So . . . the big draw near Rapid City is a giant piece of graffiti better known as Mount Rushmore. We have no idea why. Some dude who, at a minimum, had ties to the KKK and published anti-Semitic writings and who, at worst, might have been a supporting member of the KKK basically defaced a beautiful mountain on land claimed to be sacred by Indigenous Americans. Sounds nice, right? Sounds like something everyone should see, right? Sounds like an amazing piece of Americana, right? Well, we went, because we kind of felt like it was stupid to be so close and not see it, but I wish we hadn’t. Why this is a cherished landmark in the U.S. I have no idea. So, we aren’t posting photos of it.
Another big draw near Rapid City is the Crazy Horse memorial. Again, it sure seems like unnecessary (and not even very attractive) graffiti to us and, based on what we have read, the Lakota people have mixed feelings about both the monument and the people who run it at great profit. At $30 per car (more if there are more than two people in the car), plus $4 per person for a covid-filled bus ride to the memorial itself, we took a pass on this one.
So, what should you actually go see near Rapid City? Well, let us tell you. It is Custer State Park. There are three amazing roads to drive in the park. We did Needles Highway first. Beautiful! Stunning scenery. It goes past Sylvan Lake, which has a nice trail around it to get out and stretch your legs. But, please don’t be like the woman who came up to us to complain that the Sylvan Lake Lodge doesn’t have views of Sylvan Lake because the trees around the lake are too tall. Um….ok….
Next up was Iron Mountain Road. Another stunner. And, here is a pro-tip — there are views of Mount Rushmore from this road so save your money and just take your photos here.
Finally, we did the Wildlife Loop. We didn’t see a ton of wildlife, but what we did see was pretty cool. Be sure to bring some carrots for the begging burros. The story is that these small donkeys are descendants of donkeys that were used about a century ago as pack animals to haul tourists up the slopes. When the donkeys were no longer needed, they were released into the park where they have managed to survive amongst the bison, deer, rattlesnakes, and coyotes. For reasons I don’t understand, the park service turns a blind eye to people feeding these adorable critters. They will practically crawl inside your car to get treats. Apparently, their first love is crackers, but we stuck with the more healthy carrots. We’ve even read they will eat licorice. You can also buy special burro food which is made with alfalfa, but the burros will just turn their noses up at that. So, just say no to anyone trying to sell you special burro food.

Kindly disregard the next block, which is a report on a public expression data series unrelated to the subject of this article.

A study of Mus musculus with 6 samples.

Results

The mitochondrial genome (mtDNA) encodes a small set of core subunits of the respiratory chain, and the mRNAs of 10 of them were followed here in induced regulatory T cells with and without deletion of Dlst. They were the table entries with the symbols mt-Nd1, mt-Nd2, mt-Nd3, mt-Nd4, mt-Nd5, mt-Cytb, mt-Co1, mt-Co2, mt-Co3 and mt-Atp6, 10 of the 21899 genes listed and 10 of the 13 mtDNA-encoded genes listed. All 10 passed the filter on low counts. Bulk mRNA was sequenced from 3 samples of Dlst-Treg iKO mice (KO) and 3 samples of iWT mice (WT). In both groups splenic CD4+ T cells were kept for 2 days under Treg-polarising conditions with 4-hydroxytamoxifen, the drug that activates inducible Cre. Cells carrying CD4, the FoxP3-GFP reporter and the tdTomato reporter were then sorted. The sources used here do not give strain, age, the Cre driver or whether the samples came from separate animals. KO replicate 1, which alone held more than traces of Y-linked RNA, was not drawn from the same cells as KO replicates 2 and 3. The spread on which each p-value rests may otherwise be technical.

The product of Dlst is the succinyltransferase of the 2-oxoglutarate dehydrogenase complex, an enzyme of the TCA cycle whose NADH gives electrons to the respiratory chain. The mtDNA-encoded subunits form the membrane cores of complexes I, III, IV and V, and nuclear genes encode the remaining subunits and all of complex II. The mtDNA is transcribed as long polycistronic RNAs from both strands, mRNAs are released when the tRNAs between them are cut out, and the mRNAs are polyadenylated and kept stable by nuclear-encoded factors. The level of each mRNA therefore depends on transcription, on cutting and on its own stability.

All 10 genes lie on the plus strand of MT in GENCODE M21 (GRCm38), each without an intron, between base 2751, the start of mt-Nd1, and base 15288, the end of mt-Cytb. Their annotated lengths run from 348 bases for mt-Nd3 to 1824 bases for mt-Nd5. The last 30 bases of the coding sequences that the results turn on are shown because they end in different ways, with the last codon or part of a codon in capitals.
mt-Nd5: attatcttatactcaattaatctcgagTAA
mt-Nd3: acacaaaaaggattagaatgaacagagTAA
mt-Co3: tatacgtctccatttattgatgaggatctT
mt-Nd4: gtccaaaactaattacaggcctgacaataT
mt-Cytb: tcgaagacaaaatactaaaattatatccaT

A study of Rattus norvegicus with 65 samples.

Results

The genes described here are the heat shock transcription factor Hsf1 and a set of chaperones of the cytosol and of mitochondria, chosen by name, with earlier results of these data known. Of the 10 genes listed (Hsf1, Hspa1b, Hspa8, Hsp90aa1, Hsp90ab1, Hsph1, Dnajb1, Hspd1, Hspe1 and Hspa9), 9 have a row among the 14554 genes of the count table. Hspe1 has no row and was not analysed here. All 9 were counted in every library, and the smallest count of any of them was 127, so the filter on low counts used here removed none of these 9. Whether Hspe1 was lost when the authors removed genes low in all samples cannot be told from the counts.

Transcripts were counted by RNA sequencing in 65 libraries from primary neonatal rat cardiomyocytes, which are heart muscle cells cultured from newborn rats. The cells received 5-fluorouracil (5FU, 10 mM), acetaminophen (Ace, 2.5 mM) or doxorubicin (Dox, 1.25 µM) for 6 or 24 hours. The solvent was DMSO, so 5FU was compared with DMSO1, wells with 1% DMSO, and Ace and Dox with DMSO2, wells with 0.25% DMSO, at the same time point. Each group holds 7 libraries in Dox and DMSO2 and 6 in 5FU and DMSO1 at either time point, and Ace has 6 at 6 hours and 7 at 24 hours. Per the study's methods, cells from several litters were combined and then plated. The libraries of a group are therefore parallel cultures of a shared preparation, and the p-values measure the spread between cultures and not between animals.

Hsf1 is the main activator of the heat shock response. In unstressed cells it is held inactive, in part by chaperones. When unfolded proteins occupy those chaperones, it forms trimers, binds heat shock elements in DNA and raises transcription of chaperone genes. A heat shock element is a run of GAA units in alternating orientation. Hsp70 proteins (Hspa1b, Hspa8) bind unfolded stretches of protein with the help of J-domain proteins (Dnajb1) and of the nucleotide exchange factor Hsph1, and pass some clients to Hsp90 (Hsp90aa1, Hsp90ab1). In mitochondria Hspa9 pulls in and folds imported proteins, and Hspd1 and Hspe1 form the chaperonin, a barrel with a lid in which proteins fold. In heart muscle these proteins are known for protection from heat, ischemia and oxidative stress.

There are also over 1000 bison in Custer State Park, and I’m pretty sure we saw them all on the Wildlife Loop. We nearly got in a huge bison traffic jam when the bison decided to cross the road, but we escaped just in time. Good thing, too, as it was getting dark and it was a long drive back to Rapid City.
And, we can’t even imagine doing the drive back in the dark. Let me tell you, even at dusk, the drive back to Rapid City was not fun. I stupidly agreed to be the designated driver so Robert could try some locally brewed beer, and it was one of the most stressful drives of my life. We counted something like 60 deer on or right next to the road, several bison right near the road (our little car sure wouldn’t have survived a collision with a bison), and something like 20 cows (yes, open range cows) on or right next to the road. Wowza!